Australia is home to the the world's most famous natural coral reef. It's also home to some pretty incredible captive reefs. We present vpreef's (John D's) outstanding aquarium. At less than a year old, it's already a real showstopper.
Conventional reefkeeping wisdom says live corals should not coexist with big angelfish and butterflyfish. Don't tell that Bryn Roberts. With careful selection of fish, corals, and invertebrates, Bryn pushes the boundaries of "reef safe." Large, colorful coral colonies thrive in the presence of rare angels and butterflies.
There are reef aquariums, then there are REEF AQUARIUMS. Paul Bruns' 427 gallon captive reef is a true masterwork of aquascaping, husbandry, technology, and technique.
This month's Feature Aquarium comes to us from Finland. Tomi's serendipitous discovery of reefkeeping has culminated in his latest 570 liter (150 US gallon) reef aquarium. While his tank is still relatively young, its vibrant beauty is undeniable.
For the first time, Advanced Aquarist features an aquarium from Turkey. Eren's 290 gallon reef system exhibits some of the most amazing coral growth rates we have ever seen. In just over a year, Eren's reef has grown from bare rock to majestic coral garden.
Ralf Prehn has created a reef masterpiece. His 870 gallon display is a perfect balance of art and design, science and engineering, passion and discipline. Ralf set out to recreate a slice of natural coral reef in Hamburg, Germany. Six years in, the result of his dedication is nothing short of amazing.
Feature Aquarium: Small Wonders - 3 'Postmodern' nano aquariums that are small in stature, yet big in impact
Small in stature, yet big in impact, these are but a few examples of the wealth of potential offered by the wonderful marriage of the 'Postmodern'; nano aquarium and the creative hobbyist. The aquarium world is being re-invented daily, thanks to this union.
Craig shares his 335 gallon reef system with us this month. His 247 gallon peninsula-style main display - with elegantly minimalistic aquascaping - and frag tank are home to an impressive assortment of vibrant corals and fishes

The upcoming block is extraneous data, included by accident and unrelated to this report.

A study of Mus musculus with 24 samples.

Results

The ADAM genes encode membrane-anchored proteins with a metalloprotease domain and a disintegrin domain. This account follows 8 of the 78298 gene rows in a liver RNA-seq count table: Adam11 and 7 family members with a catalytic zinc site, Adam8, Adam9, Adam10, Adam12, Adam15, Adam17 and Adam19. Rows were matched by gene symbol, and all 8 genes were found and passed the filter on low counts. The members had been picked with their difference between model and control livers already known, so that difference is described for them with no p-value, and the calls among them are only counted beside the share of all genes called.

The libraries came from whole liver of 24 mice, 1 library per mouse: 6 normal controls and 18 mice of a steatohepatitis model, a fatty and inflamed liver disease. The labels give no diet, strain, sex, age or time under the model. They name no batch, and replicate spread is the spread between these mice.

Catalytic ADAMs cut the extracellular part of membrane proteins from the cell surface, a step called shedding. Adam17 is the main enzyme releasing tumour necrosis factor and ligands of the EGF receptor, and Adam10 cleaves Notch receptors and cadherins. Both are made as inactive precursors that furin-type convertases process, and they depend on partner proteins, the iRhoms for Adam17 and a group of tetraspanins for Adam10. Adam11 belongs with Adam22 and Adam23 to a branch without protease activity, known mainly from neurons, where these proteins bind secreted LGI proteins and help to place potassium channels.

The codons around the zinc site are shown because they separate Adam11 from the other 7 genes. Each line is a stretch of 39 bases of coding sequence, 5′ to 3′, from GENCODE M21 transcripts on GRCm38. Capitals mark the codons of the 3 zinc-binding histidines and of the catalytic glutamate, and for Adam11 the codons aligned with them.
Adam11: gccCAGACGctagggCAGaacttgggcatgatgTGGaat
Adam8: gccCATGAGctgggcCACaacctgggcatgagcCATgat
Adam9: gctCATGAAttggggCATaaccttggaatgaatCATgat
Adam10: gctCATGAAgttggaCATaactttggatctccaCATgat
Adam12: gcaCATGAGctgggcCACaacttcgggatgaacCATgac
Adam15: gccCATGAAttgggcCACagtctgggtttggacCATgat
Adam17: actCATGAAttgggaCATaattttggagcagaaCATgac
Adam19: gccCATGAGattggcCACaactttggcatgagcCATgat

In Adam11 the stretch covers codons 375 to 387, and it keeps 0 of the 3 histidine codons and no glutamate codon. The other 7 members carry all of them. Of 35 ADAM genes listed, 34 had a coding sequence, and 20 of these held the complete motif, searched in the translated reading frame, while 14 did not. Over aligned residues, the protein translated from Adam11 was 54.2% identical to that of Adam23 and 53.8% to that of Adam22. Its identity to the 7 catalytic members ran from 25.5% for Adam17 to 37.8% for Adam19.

When designing this aquarium, I had openness and negative space as my top priority. This aesthetically looks better, and allows for a more natural and pleasant display. All too often reefers are quick to stack massive amounts of rock and corals into an aquarium. This in turn gives the display the appearance of a fruit stand, and it is much too cluttered and busy. By allowing the corals a large area to grow, you will be rewarded with natural growth patterns and a better looking display.
If you want to be a successful coral gardner too, my advice is find some friends who have already done it, read as much as you can stand before you start, and take your time to do it "right." Read more to find out how Joe has done it "right."
Mike shares his gorgeous 155 gallon non-photosynthetic tank with us this month.
The description of this tanks sounds like a list of things not to do when setting up a reef tank: it has no live rock, no live sand, minimal filtration, no additives, the water is never tested, 100% water changes and yet this 5 gallon glass box is one of the most attractive, successful and least demanding reef tanks that I have ever set up.
Kenneth and others share their beautiful temperate tanks with our readers.
Even in this day and age of exorbitantly colored, ridiculously expensive, inordinately rare corals with over-the-top names like Reverse Radioactive Green Monkey Nipple zooanthids, there's still not much that compares to a school of neons swimming amongst a lush aquatic meadow.
This month Greg shares the evolution of his 130 gallon reef aquarium with us.
Julio shares his aquarium with us.
Joe shares his beautiful 20,000 gallon aquarium with our readers.
Andrey shares his 155 gallon aquarium with us.
Jim shares his 180 gallon mixed reef aquarium with us this month.